A win for modularity

After making the new version of my remote control holder last week, and hanging it on the wall, I saw a problem. Really, it was an aesthetic issue rather than a functional issue, but something I wanted to correct none-the-less. When the remote was placed in the holder, it would rock to one side or the other. The bottom wing was flat while the bottom of the remote is curved; the space on either side of the remote between the wings was larger than the width of the remote.


Bottomwing

Running this object through ReplicatorG produced a 17-minute print job. Perfect – exactly why I designed this version this way; easy to make changes and print new wings.

I printed the new wing design and it came out just as expected – on time and with fine resolution. I then decided this was a perfect time to try something I hadn’t done before, but had been meaning to: generate gcode with a faster feedrate (make it print faster). The normal setting is 30mm/s, so I upped it to 50mm/s. This change made the time estimate go from 17 minutes down to 13 minutes. More important than the decrease in time was the anticipated change in print quality; I figured that almost doubling the print speed would ruin the gorgeous print quality I’ve grown used to.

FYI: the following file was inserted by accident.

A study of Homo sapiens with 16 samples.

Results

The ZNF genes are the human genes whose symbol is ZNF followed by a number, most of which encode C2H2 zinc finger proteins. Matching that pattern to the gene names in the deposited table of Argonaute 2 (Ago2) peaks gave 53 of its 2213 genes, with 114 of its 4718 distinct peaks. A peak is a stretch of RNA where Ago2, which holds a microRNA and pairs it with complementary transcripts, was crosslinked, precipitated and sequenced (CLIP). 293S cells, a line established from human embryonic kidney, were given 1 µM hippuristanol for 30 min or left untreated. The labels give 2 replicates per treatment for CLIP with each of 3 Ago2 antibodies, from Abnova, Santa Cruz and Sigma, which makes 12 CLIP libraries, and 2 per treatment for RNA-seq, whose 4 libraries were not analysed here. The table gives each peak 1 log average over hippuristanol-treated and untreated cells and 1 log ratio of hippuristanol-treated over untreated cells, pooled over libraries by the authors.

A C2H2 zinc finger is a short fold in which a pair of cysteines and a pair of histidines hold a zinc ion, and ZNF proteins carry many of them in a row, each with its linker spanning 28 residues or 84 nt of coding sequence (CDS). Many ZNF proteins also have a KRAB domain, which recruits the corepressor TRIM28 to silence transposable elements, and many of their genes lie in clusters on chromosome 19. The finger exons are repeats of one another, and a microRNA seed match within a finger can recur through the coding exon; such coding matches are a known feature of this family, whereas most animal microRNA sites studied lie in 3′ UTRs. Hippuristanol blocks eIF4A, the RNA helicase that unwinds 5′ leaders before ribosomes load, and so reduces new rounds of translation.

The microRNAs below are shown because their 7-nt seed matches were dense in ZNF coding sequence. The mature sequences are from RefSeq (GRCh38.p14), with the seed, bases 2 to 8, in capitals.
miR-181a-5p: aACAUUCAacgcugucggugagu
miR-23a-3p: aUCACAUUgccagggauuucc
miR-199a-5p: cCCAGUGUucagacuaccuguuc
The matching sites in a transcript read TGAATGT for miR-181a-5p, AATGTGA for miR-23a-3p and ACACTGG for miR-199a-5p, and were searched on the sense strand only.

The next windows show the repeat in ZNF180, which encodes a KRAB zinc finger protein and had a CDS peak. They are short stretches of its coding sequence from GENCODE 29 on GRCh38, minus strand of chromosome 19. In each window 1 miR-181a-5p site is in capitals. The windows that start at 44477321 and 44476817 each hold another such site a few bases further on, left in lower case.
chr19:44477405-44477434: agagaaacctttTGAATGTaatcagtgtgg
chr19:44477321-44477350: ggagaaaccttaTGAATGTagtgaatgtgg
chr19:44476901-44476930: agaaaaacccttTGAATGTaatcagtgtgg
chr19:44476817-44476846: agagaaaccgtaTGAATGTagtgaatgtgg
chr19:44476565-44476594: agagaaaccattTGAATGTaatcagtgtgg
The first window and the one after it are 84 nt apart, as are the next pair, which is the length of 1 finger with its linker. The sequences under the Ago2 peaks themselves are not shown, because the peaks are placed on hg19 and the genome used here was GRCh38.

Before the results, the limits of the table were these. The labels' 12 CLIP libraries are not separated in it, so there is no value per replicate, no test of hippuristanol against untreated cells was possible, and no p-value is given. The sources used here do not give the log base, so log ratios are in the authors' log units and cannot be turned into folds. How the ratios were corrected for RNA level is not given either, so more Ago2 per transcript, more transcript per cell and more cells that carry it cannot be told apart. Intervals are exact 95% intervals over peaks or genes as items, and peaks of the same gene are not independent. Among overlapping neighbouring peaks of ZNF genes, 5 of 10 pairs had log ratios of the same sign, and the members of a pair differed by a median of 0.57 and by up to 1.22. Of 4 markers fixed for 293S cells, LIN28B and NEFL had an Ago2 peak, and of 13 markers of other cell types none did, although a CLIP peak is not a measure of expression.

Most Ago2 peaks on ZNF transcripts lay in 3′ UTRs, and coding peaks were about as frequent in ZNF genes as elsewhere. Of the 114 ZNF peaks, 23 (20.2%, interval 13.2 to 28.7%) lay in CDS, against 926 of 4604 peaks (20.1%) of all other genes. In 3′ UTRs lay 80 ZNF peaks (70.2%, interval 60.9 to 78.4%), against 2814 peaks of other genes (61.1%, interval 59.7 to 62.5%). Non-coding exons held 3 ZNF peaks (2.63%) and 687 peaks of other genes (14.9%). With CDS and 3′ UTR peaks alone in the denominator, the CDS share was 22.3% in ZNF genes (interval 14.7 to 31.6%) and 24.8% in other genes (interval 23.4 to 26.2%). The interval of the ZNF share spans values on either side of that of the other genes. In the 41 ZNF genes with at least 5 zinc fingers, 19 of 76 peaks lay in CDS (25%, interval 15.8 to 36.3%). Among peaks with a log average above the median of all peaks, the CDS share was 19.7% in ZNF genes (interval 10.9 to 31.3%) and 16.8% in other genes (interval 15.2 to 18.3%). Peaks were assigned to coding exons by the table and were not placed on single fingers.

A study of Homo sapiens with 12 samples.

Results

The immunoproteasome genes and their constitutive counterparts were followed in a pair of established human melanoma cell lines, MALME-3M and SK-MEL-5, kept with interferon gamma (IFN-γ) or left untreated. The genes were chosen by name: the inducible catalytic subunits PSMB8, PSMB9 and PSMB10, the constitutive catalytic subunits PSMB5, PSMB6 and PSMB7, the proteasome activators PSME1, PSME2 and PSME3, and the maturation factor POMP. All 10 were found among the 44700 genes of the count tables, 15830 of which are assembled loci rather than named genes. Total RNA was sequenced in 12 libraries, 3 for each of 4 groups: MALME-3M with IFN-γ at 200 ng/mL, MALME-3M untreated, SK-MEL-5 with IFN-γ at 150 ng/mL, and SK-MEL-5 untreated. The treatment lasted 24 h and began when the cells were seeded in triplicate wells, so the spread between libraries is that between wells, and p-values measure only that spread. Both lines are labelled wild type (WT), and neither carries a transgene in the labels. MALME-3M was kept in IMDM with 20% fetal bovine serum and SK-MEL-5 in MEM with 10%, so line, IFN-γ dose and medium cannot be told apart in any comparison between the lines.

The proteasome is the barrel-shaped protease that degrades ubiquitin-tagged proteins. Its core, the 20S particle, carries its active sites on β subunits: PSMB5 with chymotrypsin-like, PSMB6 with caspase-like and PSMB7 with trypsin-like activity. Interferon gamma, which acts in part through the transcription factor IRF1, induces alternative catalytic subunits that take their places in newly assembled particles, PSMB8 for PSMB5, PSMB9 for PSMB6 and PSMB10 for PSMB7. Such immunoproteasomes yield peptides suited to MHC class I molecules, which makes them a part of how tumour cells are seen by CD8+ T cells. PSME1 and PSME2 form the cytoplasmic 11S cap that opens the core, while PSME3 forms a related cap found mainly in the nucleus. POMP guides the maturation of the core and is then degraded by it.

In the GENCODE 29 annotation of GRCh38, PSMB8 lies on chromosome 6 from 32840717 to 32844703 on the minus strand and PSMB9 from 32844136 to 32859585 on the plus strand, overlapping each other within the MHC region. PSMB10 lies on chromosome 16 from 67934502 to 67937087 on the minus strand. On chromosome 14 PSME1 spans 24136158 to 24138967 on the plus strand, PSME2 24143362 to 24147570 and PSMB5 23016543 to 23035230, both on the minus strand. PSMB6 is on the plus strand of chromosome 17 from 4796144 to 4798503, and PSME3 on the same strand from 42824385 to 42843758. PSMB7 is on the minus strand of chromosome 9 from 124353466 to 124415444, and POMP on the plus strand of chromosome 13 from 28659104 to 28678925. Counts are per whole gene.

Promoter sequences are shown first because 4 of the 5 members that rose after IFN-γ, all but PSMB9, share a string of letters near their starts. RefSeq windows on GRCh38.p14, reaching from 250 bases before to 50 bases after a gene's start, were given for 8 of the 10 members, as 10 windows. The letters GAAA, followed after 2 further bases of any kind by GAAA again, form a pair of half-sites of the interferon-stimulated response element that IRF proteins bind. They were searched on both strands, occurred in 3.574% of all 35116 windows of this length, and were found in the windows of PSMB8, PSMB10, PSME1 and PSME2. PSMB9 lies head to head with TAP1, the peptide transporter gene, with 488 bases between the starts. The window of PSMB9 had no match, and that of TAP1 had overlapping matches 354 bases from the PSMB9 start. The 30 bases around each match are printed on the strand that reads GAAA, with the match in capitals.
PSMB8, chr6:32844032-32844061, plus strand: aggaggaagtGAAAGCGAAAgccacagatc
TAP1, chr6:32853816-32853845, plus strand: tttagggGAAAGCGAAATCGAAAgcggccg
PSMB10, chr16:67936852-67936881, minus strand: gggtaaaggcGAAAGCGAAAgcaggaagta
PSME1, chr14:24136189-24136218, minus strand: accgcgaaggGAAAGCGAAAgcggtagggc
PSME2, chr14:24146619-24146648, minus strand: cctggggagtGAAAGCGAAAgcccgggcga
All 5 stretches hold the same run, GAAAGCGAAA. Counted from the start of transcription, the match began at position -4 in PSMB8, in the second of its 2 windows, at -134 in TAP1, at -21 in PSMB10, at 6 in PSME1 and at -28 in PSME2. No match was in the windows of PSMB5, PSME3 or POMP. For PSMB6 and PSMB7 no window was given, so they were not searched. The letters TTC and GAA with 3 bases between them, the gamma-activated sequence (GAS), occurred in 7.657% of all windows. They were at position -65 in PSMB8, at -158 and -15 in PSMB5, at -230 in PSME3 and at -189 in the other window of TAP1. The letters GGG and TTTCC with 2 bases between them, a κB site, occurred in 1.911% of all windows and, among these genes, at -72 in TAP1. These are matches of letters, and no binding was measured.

Running the file through ReplicatorG to my Thing-o-Matic got things underway and I waited impatiently for the printer to get up to temperature. Finally it started printing and I could immediately tell the difference in speed. What was interesting was that I have always experienced a sort of moire pattern on the bottom layer of raftless prints, and the change in speed lessened the pattern; this was a good thing.

By the sixth or seventh layer, however, it became apparent that the speed change also affected the print quality – most notably at the corners: they were more rounded and less vertically straight. This was a bad thing.

In the end, the overall quality differences were minimal. On a piece like this one, where it would be hidden the majority of the time, I wasn’t concerned about these differences. For larger pieces, or items that I really wanted to maintain quality, I will stick with 30mm/s, but I did go half-way for all my other prints today to 40mm/s with satisfactory results.

Here are the pics of the 30mm/s and 50mm/s side by side and some close-ups of the poor edges, as well as the bottom layers and the moires they exhibit.